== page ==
On Monday morning, Facebook's "trending news" section circulated a story that was, for lack of a better term, rubbish.
Published by CNNNews18, an Indian news network that partners with CNN International, the story was titled "NASA Ready to Declare Alien Life, Says Hacker Group - Anonymous." While the story was not technically inaccurate—a website branded with the trappings of the hacker-activist group Anonymous did say as much ("NASA says aliens are coming!")—one must wonder whether it deserved such prominent placement on the social network's front page, to be blast-injected into every visitor's news feed.
Before your imagination runs off to deep space, to clear the air, NASA is not on the verge of announcing alien life. " While we’re excited about the latest findings from NASA’s Kepler space observatory," Laurie Cantillo, a spokesperson at NASA's planetary science division, emailed to Fortune, "t here’s no pending announcement regarding extraterrestrial life."
The truth may be out there yet, but it's getting ever harder to find if you get your news from social media. This news post, syndicated from Indian newswire service IANS, appeared alongside more legitimate headlines, such as the bankruptcy of Takata, Japanese maker of faulty airbags, and the U.S. Supreme Court agreeing to hear a case regarding President Trump's travel ban.
The "alien life" article also appeared as one of only two items within the trending "science" section; the other involved the successful launch and recovery of a SpaceX Falcon 9 rocket.
A host of other news outlets, British tabloids, online Indian outlets, and others, also covered this "news." "Anonymous hacker claims NASA is on the verge of announcing alien life," declared the Daily Mail, for example. (To the site's credit, its coverage of the claim was skeptical, though it's worth noting that Wikipedia recently banned the Daily Mail from source citations due to its unreliability.)
"NASA is 'on the verge' of announcing alien life, says Anonymous," echoed Independent U.K. in a far less skeptical post.
My criticism of this phenomenon has less to do with accuracy—the headlines are, again, generally true as stated—and more to do with the reinforcement of perverse incentives in today's media supply chain that causes junk conspiracy clickbait to clog up Facebook feeds.
In this case, the "alien life" story promoted by Facebook linked to a report that covered a video—one that hits all the conspiracy film tropes: eerie music, shaky camera, dimly lit overlaid images of Egyptian pyramids and UFOs—posted to the unofficial YouTube channel for "Anonymous Global," a group created three years ago and that has a history of publishing what appears to be audience-baiting political propaganda.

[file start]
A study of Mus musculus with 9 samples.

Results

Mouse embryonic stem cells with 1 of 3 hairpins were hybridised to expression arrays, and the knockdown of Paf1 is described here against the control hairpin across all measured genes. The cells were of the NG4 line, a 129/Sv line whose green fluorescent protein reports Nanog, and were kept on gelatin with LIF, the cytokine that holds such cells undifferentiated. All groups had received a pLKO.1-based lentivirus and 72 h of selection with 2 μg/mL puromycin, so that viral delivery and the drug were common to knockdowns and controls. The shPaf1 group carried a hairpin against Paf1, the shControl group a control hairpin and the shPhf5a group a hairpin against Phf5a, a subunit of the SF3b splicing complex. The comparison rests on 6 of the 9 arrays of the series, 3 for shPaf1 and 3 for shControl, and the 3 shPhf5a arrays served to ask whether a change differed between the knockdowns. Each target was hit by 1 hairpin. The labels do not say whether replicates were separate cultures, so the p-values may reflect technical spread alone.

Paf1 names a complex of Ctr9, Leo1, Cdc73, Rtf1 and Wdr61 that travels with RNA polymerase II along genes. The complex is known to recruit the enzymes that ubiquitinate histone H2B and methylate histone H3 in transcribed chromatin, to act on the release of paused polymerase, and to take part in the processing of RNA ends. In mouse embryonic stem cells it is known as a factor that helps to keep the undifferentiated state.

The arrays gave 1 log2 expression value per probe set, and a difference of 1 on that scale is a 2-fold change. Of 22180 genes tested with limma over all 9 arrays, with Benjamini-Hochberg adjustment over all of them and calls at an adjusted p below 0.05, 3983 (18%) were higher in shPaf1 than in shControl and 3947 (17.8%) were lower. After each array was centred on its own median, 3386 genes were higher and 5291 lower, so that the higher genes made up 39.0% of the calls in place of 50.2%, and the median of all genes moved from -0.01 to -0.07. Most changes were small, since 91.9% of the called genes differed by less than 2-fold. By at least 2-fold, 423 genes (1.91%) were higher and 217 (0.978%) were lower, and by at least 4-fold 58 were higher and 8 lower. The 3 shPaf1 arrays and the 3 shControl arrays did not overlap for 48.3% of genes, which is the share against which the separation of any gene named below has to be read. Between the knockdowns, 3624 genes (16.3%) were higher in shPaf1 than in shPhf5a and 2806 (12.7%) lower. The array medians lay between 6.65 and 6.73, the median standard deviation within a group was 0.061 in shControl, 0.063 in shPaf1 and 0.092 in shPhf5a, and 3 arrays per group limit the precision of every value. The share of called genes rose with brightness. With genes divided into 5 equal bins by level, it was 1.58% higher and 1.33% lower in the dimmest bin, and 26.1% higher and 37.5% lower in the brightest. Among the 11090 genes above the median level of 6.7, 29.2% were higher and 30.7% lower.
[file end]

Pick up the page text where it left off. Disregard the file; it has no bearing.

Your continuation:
"Anonymous Supports Trump!" reads one title posted by the group a year ago. A more recent one features a mash-up of Alex Jones, the controversial host of Info Wars, a far-right outlet often criticized for airing conspiracy theories, doing some ham-handed impersonations of former presidential contender Hillary Clinton taking a spill while various depictions of the cartoon Pepe the Frog meme, an Internet icon appropriated by neo-nationalist alt-right movement, dances to electronic music.
It would be unfair to lay sole blame on Facebook for boosting this story. First, there's the group that created the video. Then there's the Anonymous website that linked to it. Then there are the news outlets that picked it up. Once people shared those stories, Facebook presumably took that as a cue to feature the report, thus creating a positive feedback loop of virality. Blame goes multiple ways.
Shady characters and self-styled hackers have a habit of manipulating others to gain a wider audience for their hoaxes and scams. Some do this to great effect. In choosing to broadcast unfounded claims, media outlets and news aggregators submit to be willingly taken advantage of. Perversely, by playing up the fear, uncertainty, and doubt around hacking as well as wild and unbelievable "hacker" claims, those same outlets and aggregators seek to attract eyeballs. And so bad incentives align.
Asked about the placement of the "alien life" story in its trending box, Facebook offered Fortune a boilerplate response. "[T] opics are determined using a combination of factors including the engagement around the article on Facebook, the engagement around the publisher overall, and whether other articles are linking to it," said Lindsey Held, a company spokesperson.
Something about this response is unsatisfying. Questionable sources are flooding the online world lately. Troll armies swarm social channels. Fake news crowds out truth. Unscrupulous publishers lure viewers with content that defies sensibility. News outlets should think harder about what merits coverage, and how they might be subject to manipulation in order to further another's agenda. And if Facebook truly cares about "misinformation" (its term for the world's fake news problem), then it should start by clamping down on the garbage it promotes.
What is even more troubling than some news outlets garnering attention for bogus stories is Facebook's role in disseminating and legitimizing them.